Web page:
Monday, May 4, 2009

Opaque Canadian Forces Mission in Afghanistan

I take tracking the Canadian deployment in Afghanistan seriously. However, it's very hard to know what the goals and the results are when one reads the reports, like this one in the National Post: Forces dismantle police substation in Afghanistan ‘drawback’

KANDAHAR, Afghanistan -- Canada's military says it has not abandoned villagers in the Taliban-controlled western Panjwaii district, insisting that the "drawback" of troops last week and the dismantling of a Canadian-built police substation are tactical victories.

Tearing down the Mushan substation signals the start of a new strategy that will see Canadian Forces troops move closer to Kandahar city, where the majority of Kandaharis live and where a greater security presence is considered an urgent priority.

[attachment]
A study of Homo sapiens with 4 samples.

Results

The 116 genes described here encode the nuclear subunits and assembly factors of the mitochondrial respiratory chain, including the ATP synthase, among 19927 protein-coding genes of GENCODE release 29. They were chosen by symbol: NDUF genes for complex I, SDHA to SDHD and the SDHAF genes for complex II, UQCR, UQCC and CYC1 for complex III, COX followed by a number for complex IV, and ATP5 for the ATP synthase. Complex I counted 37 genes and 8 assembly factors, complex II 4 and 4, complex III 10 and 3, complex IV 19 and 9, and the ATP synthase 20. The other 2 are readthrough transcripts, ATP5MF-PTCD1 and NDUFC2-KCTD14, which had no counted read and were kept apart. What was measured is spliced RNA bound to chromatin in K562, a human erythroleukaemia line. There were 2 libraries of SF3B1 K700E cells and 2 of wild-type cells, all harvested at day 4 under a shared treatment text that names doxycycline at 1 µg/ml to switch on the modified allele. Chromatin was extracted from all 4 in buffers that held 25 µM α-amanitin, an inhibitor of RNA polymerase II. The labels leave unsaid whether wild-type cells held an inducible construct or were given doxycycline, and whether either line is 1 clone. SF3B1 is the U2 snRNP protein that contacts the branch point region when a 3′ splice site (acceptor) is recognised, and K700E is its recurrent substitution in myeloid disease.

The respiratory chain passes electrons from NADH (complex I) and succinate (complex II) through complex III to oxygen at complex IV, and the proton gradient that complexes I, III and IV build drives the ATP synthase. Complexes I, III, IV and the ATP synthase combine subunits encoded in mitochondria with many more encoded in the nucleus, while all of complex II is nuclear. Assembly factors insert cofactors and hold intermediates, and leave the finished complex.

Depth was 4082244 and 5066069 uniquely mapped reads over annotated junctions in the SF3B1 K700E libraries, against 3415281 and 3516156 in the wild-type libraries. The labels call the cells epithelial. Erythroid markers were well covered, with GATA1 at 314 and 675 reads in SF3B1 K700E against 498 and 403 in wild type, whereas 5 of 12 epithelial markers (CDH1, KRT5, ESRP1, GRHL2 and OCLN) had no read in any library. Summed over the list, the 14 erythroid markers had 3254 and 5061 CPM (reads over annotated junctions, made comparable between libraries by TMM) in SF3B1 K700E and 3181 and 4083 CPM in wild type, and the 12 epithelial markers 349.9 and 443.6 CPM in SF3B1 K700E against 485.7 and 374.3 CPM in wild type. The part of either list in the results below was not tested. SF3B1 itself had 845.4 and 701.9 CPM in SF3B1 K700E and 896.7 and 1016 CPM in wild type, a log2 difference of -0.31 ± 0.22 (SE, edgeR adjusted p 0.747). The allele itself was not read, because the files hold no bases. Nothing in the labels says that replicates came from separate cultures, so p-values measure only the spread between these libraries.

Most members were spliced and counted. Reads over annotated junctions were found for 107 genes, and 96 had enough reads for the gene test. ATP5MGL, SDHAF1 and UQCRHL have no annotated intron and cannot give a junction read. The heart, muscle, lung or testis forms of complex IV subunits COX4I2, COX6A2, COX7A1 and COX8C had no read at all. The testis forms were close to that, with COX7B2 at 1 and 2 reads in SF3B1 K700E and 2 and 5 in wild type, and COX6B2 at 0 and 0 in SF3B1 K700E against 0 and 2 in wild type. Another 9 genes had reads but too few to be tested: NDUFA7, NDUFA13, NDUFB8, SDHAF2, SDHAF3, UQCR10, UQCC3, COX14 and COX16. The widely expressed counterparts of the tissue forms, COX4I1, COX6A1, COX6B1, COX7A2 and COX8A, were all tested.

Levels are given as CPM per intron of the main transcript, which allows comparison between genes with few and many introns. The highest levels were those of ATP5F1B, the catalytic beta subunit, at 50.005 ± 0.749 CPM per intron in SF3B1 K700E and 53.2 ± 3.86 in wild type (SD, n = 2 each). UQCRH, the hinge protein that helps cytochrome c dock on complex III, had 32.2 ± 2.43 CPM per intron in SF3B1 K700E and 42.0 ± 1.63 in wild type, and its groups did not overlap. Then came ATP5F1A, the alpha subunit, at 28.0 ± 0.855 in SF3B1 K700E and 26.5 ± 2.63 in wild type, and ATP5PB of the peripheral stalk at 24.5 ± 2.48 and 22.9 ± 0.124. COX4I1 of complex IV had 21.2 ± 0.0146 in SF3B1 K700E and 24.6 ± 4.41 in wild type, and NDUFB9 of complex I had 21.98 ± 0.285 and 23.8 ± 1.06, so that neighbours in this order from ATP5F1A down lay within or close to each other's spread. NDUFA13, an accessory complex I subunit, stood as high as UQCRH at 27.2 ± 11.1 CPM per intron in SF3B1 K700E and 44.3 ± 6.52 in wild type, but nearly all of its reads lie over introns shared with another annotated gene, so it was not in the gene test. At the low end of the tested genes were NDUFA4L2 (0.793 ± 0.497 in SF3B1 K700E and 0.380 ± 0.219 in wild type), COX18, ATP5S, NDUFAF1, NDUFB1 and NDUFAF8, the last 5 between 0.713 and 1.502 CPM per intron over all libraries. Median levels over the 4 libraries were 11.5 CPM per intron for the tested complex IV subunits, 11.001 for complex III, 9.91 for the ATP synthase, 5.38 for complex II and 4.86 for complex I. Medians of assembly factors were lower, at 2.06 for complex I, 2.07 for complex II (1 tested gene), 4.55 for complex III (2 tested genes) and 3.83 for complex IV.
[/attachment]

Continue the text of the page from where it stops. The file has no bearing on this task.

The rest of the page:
But Mushan village and surrounding communities are now left without a fixed Canadian presence for the first time in two years, after hard-won battles and casualties in the area.

The police substation, lately referred to as a strong point, was taken apart and troops were redeployed in a large-scale operation called Munkiredal, the Pashto word for deny.


The entire Panjwaii district area remains an area of Canadian responsibility. The number of Taliban operating there is difficult to determine. Their movements are seasonal, and they concentrate in certain areas. Canadian officers can't say if there are fewer insurgents now compared to three years ago.

How do they expect to garner support on the homefront for the mission, when it is not clear what exactly they are doing and and if there is any success while doing it? The government needs to do more than claim: "We're doing important work."